Responding to today’s announcement that the Government is investing nearly £5 million in early support hubs, which offer informal drop-in mental health support, the Fund the Hubs Coalition (BACP, Black Thrive Global, Centre for Mental Health, The Children’s Society, Children and Young People’s Mental Health Coalition, Mind, Youth Access and YoungMinds) said:
“The UK Government’s announcement to provide additional support for ten existing early support hubs recognises the vital role these community services play in bringing mental health support and advice to young people.
“With now over a million referrals to children and young people’s mental health services every year, we know that the struggle to keep up with demand is only increasing. Early intervention options are desperately needed and will make a huge difference to many young people who are struggling with their mental health.
“Tens of thousands of young people have fought hard to fund the hubs. These spaces will mean that young people can get support for their mental health as soon as they need it, rather than waiting months and sometimes years for help. In the context young people are navigating, this additional funding for services is worth celebrating. We welcome this step in the right direction and hope that more hubs will be funded in future, so every young person in every community can access the support they provide.”
Andy Bell, chief executive at Centre for Mental Health, said: “There has been a continuous decline in children and young people’s mental health over the past decade. Specialist mental health services have been struggling to keep up with rising demand resulting in long waits for help and some young people being turned away altogether. In this time, we have also seen early intervention services battling against dwindling budgets. We know that high quality early intervention support can prevent mental health problems from emerging or worsening.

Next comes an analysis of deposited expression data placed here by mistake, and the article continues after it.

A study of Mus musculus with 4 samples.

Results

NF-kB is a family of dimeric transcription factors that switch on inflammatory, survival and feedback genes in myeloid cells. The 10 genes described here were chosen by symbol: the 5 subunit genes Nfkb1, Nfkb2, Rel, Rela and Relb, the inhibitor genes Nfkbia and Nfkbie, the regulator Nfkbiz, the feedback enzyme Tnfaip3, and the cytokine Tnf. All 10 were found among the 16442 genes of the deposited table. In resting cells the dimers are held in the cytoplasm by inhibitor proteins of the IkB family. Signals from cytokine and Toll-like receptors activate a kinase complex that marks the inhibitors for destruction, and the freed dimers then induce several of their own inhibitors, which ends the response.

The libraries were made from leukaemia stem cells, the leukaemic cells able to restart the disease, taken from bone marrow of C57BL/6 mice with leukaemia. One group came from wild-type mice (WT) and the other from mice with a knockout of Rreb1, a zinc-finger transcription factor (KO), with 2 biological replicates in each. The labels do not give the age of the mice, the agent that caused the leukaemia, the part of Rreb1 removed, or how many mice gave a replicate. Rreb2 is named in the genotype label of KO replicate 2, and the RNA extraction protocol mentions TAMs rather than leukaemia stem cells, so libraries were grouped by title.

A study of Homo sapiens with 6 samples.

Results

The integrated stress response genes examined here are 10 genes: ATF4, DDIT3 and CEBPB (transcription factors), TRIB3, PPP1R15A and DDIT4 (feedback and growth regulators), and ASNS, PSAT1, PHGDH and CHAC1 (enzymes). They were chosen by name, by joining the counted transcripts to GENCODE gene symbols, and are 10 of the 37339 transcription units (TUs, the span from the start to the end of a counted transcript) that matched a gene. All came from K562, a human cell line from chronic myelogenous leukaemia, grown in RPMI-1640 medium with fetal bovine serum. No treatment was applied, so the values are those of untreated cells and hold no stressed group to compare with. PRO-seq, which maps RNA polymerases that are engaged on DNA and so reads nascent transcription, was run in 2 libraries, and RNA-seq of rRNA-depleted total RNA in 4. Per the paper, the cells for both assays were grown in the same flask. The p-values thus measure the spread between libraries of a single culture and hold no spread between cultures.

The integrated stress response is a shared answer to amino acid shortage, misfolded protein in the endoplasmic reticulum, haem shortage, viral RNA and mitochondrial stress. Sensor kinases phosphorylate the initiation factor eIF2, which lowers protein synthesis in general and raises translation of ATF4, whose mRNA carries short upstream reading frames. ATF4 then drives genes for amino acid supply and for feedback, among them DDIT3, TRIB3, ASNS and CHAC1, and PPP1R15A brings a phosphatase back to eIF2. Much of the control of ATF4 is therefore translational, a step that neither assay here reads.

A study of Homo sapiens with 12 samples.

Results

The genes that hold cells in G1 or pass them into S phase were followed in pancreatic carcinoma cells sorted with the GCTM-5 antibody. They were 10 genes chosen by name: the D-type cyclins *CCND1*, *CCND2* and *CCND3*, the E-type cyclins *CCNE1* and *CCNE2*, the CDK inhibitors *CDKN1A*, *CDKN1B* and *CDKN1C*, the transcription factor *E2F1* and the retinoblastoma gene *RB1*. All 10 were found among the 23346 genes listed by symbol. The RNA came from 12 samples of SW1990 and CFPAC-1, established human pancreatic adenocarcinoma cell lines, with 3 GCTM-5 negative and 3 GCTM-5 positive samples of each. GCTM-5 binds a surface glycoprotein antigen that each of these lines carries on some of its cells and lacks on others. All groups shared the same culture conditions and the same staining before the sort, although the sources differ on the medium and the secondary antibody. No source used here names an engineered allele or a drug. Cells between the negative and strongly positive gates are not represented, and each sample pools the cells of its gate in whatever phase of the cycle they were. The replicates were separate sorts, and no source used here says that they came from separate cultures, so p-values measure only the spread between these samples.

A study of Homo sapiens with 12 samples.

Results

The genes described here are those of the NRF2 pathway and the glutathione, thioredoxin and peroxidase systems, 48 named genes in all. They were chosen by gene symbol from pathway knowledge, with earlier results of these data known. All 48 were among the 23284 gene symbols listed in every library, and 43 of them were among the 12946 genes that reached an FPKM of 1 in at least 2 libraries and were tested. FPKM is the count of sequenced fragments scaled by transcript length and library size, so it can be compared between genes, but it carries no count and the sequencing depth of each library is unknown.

“As a member of the Fund the Hubs coalition, we’ve been calling for a full national roll-out of these vital services, and an end to the postcode lottery in provision, so that all young people have the best support for their mental health. Evidence demonstrates that early support hubs achieve good outcomes for young people facing multiple and enduring inequalities, such as those from LGBTQ+ and racialised backgrounds. Our analysis also shows there is a strong business case for investing in early intervention and in early support hubs, preventing later, longer-term and more costly interventions.
“Today’s announcement and commitment must be the first step towards a comprehensive package and plan to make early support hubs accessible for all children and young people in all parts of the country. This should sit alongside wider transformation of children and young people’s mental health support which centres care within the community.”